Kicked Off the Team

by barbaragarn

If you play team hockey long enough, you will have this experience. It sucks. And this is the time of year when it happens.

I’m not talking about deciding “This team is not for me” and leaving. I’m talking about getting the boot. 

I have head some crazy stories–one team openly decided to hold a secret poll, and everyone voted on a secure website, with only the captain to see the results… can you say TOO MUCH DRAMA? Ugh.

Another team held a secret meeting without telling its three female players (one of which was the second high scorer) to decide if the guys wanted to keep the women on the team. Ugh! 

I get that there are physical differences, but did they hold a poll to decide on the short teammates, or the old teammates, or the fat teammates? (No, they didn’t.) Remember, women’s lower body strength is directly translated to skating success–versus upper body shooting power for the dudes–and lower center of gravity with better stability. Sigh.

My conclusion over the years has been: If the team is already, seriously, talking about getting rid of someone–not griping over beers after the game about one player’s penalty-prone behavior, but SERIOUSLY discussing it–then it’s time. A team needs to be cohesive and built on trust. And there won’t be cohesion or trust with everyone wondering about the solidity of their presence on the team. If it’s unstable, it’s time to find a new team.

But for those who do get the boot, most don’t have the good luck to be aware they’re being outed… they start to wonder why team leadership isn’t answering e-mails or phone calls, and slowly the question arises and is eventually–lamentably–confirmed. You are off the team. Surprise!

I love Minnesota, and I adore Minnesotans, but I wish people weren’t so passive aggressive–especially about this. I’ve heard all kinds of stories about players planning to join up with their old team… left in communication limbo for weeks because nobody in team leadership wants a tough conversation.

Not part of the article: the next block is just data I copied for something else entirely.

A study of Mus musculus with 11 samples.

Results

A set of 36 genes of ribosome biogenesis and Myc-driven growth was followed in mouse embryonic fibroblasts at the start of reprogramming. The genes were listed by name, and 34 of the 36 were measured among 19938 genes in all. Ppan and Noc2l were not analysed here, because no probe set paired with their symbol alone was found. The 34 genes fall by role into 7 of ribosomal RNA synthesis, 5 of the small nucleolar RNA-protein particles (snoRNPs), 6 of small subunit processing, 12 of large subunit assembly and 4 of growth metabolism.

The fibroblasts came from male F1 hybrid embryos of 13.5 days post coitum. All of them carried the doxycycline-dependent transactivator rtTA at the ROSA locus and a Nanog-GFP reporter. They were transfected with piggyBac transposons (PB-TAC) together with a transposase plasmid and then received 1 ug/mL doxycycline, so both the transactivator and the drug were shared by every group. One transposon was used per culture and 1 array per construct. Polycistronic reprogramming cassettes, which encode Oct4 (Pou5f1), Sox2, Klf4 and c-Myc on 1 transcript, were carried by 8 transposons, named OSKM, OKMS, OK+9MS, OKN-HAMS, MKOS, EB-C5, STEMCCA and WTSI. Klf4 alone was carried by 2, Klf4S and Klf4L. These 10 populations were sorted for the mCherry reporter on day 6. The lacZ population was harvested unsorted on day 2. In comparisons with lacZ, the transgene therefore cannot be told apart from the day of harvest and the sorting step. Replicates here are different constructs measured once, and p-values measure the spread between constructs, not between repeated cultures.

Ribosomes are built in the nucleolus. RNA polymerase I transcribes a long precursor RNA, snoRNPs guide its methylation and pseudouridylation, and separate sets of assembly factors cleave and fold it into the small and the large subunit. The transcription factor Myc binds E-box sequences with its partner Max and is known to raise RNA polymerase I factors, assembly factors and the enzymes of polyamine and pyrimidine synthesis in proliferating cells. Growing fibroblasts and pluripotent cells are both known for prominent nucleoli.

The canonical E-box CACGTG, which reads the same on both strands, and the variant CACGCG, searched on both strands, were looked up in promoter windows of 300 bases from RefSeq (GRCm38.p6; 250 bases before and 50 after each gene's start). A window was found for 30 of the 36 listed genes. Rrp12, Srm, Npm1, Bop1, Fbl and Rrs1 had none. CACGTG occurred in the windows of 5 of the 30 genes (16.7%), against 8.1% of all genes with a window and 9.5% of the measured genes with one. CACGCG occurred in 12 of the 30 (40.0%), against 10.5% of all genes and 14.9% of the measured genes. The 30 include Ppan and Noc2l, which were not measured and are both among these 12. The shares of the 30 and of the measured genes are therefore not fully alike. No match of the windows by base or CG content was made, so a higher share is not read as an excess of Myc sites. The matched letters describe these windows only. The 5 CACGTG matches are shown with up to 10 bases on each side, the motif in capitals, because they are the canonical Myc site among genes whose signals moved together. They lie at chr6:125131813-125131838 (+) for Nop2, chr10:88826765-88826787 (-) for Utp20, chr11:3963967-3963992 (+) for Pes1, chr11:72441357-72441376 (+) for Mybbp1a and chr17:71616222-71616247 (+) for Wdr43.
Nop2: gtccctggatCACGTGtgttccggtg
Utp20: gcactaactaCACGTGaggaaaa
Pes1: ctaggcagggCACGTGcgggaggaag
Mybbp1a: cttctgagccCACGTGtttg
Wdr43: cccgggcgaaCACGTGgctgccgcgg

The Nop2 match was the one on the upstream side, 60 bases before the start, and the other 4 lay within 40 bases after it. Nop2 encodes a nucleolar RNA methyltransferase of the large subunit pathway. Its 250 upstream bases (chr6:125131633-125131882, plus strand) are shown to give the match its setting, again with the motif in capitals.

And on a practical note, by the time the outed player realizes the “stealth boot,” it’s usually to find all other teams have filled their rosters. So the situation is even worse for that player who had been counting on playing that season, and as a veteran team member with old friends. All that is gone–no wonder people get annoyed when this happens.

For all that we’re tough hockey players, we can’t deny that this has to do with emotion. Ugh, I said it. Maybe that’s why it’s so difficult… we’re badass hockey players AND Minnesotans too. Emotion! Can’t talk about it! Gotta run!

So let’s take emotion out of the equation. I totally understand the desire to be polite and kind, and avoid a scene, but NOT telling someone they’ve been outed is clearly more agonizing for everyone in the long run. I learned early on with JMS that prevarication and qualifying statements are useless. Being kind does NOT mean telling someone a lie… and inevitably the lie gets bigger as the days go on until, when it eventually MUST and DOES collapse, it’s worse for everyone. Talk about needing to avoid emotional drama.

If the tough conversation is being avoided for emotional reasons, be pragmatic: you’re trying to avoid bad feelings and a scene, right? It’s a bad situation any way you look at it, so you have to decide how to make it least bad: think about the person in both the short-term and the long-term. 

Short term (the easy out) is to fib and put them off for another couple of days. But that makes the situation worse; it doesn’t make it go away. And you want it resolved with the least amount of freakout and confrontation. 

You have to acknowledge that the outed player is going to know eventually, in the long run, so grit your teeth and be honest at the beginning instead of leading the person on. This also gives the player time to find new team, which makes them much less angry at losing a spot on your team.

And if you’re avoiding the hard conversation because you don’t like hard conversations… you shouldn’t be in your team leadership! Yes, these conversations are tough. Get a backbone and do it, or step down for someone who can! It is selfish and lazy to string players along because you’re uncomfortable with a simple conversation.

I have a feeling lots of people have stories about this and not many want to post for attribution! If you want me to make an anonymous comment on your behalf, shoot me an e-mail and I will post it for you. This is a big deal, and nobody likes to talk about it, for the very reason that it IS a big deal. But then, BECAUSE it’s a big deal, we SHOULD talk about it.